In just over a year since its release, Eye-Sync’s eye tracking technology has become a trusted means of detecting concussions on the sidelines and in the clinic.
Developed by Dr. Jam Ghajar of SyncThink, a neurotechnology company now headquartered in Palo Alto, Eye-Sync is a portable concussion-tester that tracks eye movement to diagnose head injuries in 60 seconds – the duration of a medical timeout.
The ability to immediately detect head trauma, through objective metrics, is critical to player safety. With Eye-Sync, no longer is the decision to re-enter a game left to the player’s discretion.
“We have no historical reference to understand what the accumulation of those impacts are [to a disoriented player], the risk of those who have not been protected and left on the field with an impairment.” said Scott Anderson, the chief customer officer at SyncThink.
“What’s happened to them in terms of their ability to regain attention or optimize their brain’s performance to do their job on the field? What is the result of that impairment when you can’t reorient yourself properly?”
On SyncThink’s website, Dr. Ghajar explains that while watching an object a person can anticipate 2.5 seconds ahead. A concussion compromises that ability.
As such, Eye-Sync users follow a visual stimulus – a red dot moving in a circle – while the tracking cameras in the headset rate the user’s capacity to focus. The 15-second test is repeated twice before results are then shown on a screen, about the size of an iPad, and relayed to a clinician. From there the clinician reviews the report and looks for patterns to make a determination.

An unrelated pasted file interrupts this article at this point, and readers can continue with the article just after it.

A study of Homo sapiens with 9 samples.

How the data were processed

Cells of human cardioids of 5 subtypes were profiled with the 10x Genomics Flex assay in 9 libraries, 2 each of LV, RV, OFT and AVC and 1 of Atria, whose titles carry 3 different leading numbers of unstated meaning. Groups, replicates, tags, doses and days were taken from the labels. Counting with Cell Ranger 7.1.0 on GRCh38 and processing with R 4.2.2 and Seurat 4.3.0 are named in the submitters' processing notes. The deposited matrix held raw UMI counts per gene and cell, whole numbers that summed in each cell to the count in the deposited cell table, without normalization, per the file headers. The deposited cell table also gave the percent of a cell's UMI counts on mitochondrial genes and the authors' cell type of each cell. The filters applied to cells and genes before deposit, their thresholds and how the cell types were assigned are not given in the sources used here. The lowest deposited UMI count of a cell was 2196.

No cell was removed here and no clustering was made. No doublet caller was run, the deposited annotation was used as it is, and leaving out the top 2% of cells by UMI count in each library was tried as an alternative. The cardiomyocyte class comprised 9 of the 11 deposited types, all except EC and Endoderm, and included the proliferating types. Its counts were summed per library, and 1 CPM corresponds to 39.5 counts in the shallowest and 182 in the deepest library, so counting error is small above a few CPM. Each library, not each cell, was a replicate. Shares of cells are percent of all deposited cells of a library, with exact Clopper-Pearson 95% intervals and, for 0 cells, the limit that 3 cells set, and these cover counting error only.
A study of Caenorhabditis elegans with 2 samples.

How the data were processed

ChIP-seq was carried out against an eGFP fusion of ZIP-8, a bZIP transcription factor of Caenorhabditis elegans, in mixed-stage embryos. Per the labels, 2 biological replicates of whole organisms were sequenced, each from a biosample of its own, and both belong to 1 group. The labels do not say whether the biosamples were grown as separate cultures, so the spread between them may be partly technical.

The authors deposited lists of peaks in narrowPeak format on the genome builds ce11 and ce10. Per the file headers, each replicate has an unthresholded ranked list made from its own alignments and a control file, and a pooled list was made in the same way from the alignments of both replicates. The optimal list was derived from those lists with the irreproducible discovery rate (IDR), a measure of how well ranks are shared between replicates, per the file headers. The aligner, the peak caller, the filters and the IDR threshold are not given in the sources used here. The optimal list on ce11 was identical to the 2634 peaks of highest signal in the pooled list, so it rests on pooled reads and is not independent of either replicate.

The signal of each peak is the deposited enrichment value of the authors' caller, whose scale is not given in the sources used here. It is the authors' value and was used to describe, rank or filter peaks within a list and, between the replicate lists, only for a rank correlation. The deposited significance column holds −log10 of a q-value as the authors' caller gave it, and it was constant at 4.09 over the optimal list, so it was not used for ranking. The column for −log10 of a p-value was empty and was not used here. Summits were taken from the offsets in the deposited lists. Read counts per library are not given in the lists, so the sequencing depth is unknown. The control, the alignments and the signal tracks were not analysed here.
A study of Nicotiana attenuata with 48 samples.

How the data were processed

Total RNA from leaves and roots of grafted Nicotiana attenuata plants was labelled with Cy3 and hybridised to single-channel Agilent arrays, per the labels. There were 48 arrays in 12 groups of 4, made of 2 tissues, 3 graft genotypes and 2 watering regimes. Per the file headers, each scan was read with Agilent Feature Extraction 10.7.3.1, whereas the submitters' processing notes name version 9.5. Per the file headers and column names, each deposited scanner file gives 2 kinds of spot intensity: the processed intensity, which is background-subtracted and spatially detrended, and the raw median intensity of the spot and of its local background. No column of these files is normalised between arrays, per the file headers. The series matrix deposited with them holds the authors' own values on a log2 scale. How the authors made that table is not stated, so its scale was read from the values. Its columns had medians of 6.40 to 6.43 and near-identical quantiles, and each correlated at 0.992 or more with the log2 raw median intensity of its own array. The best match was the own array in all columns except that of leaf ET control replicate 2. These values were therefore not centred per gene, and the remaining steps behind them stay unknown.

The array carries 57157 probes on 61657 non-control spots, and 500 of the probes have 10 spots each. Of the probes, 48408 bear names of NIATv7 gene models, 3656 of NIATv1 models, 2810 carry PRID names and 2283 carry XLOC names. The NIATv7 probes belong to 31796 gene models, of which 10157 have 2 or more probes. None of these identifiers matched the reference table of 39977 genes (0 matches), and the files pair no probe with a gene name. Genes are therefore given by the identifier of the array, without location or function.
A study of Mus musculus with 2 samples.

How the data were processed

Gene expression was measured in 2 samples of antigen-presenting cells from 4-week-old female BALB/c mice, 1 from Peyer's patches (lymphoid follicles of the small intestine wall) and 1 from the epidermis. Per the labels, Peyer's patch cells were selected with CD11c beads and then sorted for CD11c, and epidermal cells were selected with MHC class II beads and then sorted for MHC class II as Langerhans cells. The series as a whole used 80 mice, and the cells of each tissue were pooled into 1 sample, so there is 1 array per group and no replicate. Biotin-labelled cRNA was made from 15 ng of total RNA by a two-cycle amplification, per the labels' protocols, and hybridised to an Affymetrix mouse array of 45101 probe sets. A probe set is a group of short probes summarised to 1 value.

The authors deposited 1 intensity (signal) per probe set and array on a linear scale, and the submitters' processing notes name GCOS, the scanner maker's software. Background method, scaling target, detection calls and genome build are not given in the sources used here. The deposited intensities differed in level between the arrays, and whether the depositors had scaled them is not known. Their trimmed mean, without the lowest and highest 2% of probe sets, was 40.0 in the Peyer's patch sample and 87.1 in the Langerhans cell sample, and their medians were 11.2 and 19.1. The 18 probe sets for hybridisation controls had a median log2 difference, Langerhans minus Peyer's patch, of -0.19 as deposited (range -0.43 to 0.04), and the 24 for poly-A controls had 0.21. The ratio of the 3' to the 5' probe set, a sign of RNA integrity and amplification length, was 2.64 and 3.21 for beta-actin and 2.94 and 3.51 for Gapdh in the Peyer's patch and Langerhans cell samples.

There are six subtypes of concussions but most can be diagnosed through tracking visual attention.
“We believe this ocular motor impairment, which is synonyms with disorientation, is the most critical and dangerous one,” Anderson said. “I think we’re a little bit ahead of the curve [in diagnosing concussions].
“But I think as the consumer space emerges, we’re going to see a lot more [virtual reality testing], and as it becomes ubiquitous socially, I think people will see the value.”
SyncThink, which owns 10 patents (Eye-Sync was the 10th), received a grant of nearly $30 million from the Department of Defense in 2016. Then interest in the product grew quickly.
Eye-Sync was deployed in research studies on the sidelines of four Pac 12 schools – Stanford was the first – and in 2017, SyncThink upgraded its hardware and began working with a global specialty biopharmaceutical company, Shire, to apply SyncThink’s technology to clinical models.
The goal is to continue expanding, Anderson said, and protect all who are exposed to concussions caused by impact. While he believes there’s opportunity in many areas of brain function – from ADHD to dementia – player safety remains the main focus.
“We’re talking about hockey, we’re talking about mixed martial arts,” Anderson said. “We’re talking internationally, rugby and soccer. There’s tremendous opportunity out there and really high demand.”
As Anderson has joked to Dr. Ghajar, the slogan for Eye-Sync should be, “Everywhere You Look.”